February 28, 2024

27 Years In, The Iceman Still Cometh

By Ross Boissoneau | Oct. 28, 2017

Even the name sounds foreboding: The Iceman Cometh. Kind of gives you the shivers. And while participants may warm up on the 30-mile race from Kalkaska to Timber Ridge RV & Recreation Resort on the eastern edge of Traverse City, the weather might not be especially cooperative. Over the years, the temperature has ranged from highs in the 60s with plenty of sunshine, to rain, sleet, and snow, and highs — highs — in the 20s.

No wonder it’s called the Iceman.

The race is the brainchild of longtime bike enthusiast Steve Brown. In 1989, he and some friends were bemoaning the local race scene. “We said we need a good mountain bike race,” he said.

The following summer Brown began exploring trails between Kalkaska and Traverse City and cobbled together a route for a proposed race. “It was really a matter of stringing all the two-tracks and overgrown railroad beds together,” said Brown.

In the fall of 1990, 35 men and one woman took part in the initial Iceman Cometh. A year later, more than 10 times as many took part in the race. Last year, the race, now named the Bell’s Beer Iceman Cometh Challenge, attracted 5,393 participants.

That’s not the only indication of its phenomenal growth. That first year, the purse was — well, there wasn’t one. By 1996, the purse was up to $7,000, jumping to $20,000 the next year. Last year, the combined men’s and women’s prize purse totaled over $63,000 in cash for the professional and amateur riders, with more than 250 individual cash prizes awarded. More than $10,000 worth of merchandise was also awarded to Meijer Slush Cup competitors.  

All this for the privilege of pedaling madly through woods, trails, and bogs, slipping, sliding, crashing, getting up, and doing it some more. Great fun. At least for Brown and the participants, apparently. “I don’t know what I was thinking,” he said with a laugh.

Over the years the trail that the race takes has changed, due to a number of factors: increased traffic, logging activities, new sponsors. The finish line has been moved from Jellystone Park to the corner of Bartlett and Bunker Hill, to Mt. Holiday, to the Vasa trailhead, and back to Jellystone Park, which today is Timber Ridge RV & Recreation Resort.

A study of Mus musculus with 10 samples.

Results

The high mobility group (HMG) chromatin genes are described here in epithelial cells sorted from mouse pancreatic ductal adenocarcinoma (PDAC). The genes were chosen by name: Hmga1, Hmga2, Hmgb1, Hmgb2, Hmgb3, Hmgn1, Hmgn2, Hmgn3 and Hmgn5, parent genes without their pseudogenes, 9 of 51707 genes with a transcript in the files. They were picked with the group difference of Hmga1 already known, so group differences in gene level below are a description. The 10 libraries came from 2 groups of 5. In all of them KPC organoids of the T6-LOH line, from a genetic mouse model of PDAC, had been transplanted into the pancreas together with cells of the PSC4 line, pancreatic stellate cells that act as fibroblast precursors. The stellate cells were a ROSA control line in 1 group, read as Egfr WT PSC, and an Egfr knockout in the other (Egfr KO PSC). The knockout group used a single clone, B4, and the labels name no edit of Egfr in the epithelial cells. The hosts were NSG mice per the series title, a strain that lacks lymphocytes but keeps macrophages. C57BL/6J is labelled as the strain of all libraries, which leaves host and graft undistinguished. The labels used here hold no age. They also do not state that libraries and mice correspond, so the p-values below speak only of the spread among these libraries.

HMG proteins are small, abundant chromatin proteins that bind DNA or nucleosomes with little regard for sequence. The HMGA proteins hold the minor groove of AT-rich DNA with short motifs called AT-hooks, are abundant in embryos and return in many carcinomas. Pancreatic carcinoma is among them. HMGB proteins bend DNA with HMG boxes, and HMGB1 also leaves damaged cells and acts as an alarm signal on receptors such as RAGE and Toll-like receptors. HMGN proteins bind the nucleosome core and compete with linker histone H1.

Traffic on the roads is also a factor. While wipeouts on the trails are common, in 2003 things took an unexpected turn when a snowstorm caused a number of automobile accidents prior to the race. The most problematic was when a semi-trailer jackknifed on M-72, closing the road for an hour and creating a massive traffic jam six miles long. That caused the race to be delayed for an hour, as many of the riders and the timing crew missed the original starting time. Many took the delay in stride: A number of those stuck in traffic simply jumped on their bikes and pedaled to the starting line.

The weather is not the only thing that’s bedeviled the race over the years. While Brown waxes poetic about an app called Strava that is used to record a racer’s information and then use that information both to register and seed him or her, technology hasn’t always been his friend. In 2009, the server for registrants crashed — twice. 

“We were trying to use a new system, and it crashed. Then we tried the old system, and it crashed,” said Brown. Ultimately, Brown and company resorted to the old-fashioned route, and all riders submitting their paper entry forms by the following Saturday were accepted.

Brown is clearly pleased if somewhat dumfounded by the explosive growth of the event. “My personal takeaway — I would never have believed it. It’s flattering how much notoriety the race has received due to the riders’ enthusiasm. They’ve stuck with the event through all the mistakes I’ve made,” Brown said. “One year I hired the sound guy to do the results, and they were screwed up. At nine that night I told everyone to go home. That didn’t go over well, but they came back. 

“Traverse City has become a big cycling community. That’s gratifying.”

Know Before You Go
This year’s Bell’s Beer Iceman Cometh Challenge takes place Nov. 4. Registration for it and its “half-frozen” version, the 8-mile Meijer Slush Cup, are sold out. At press time, registration openings for the quarter-mile Meijer Sno-Cone race for kids remain. Sideline viewing of all races is available at the finish venue at Timber Ridge. For more information, visit iceman.com.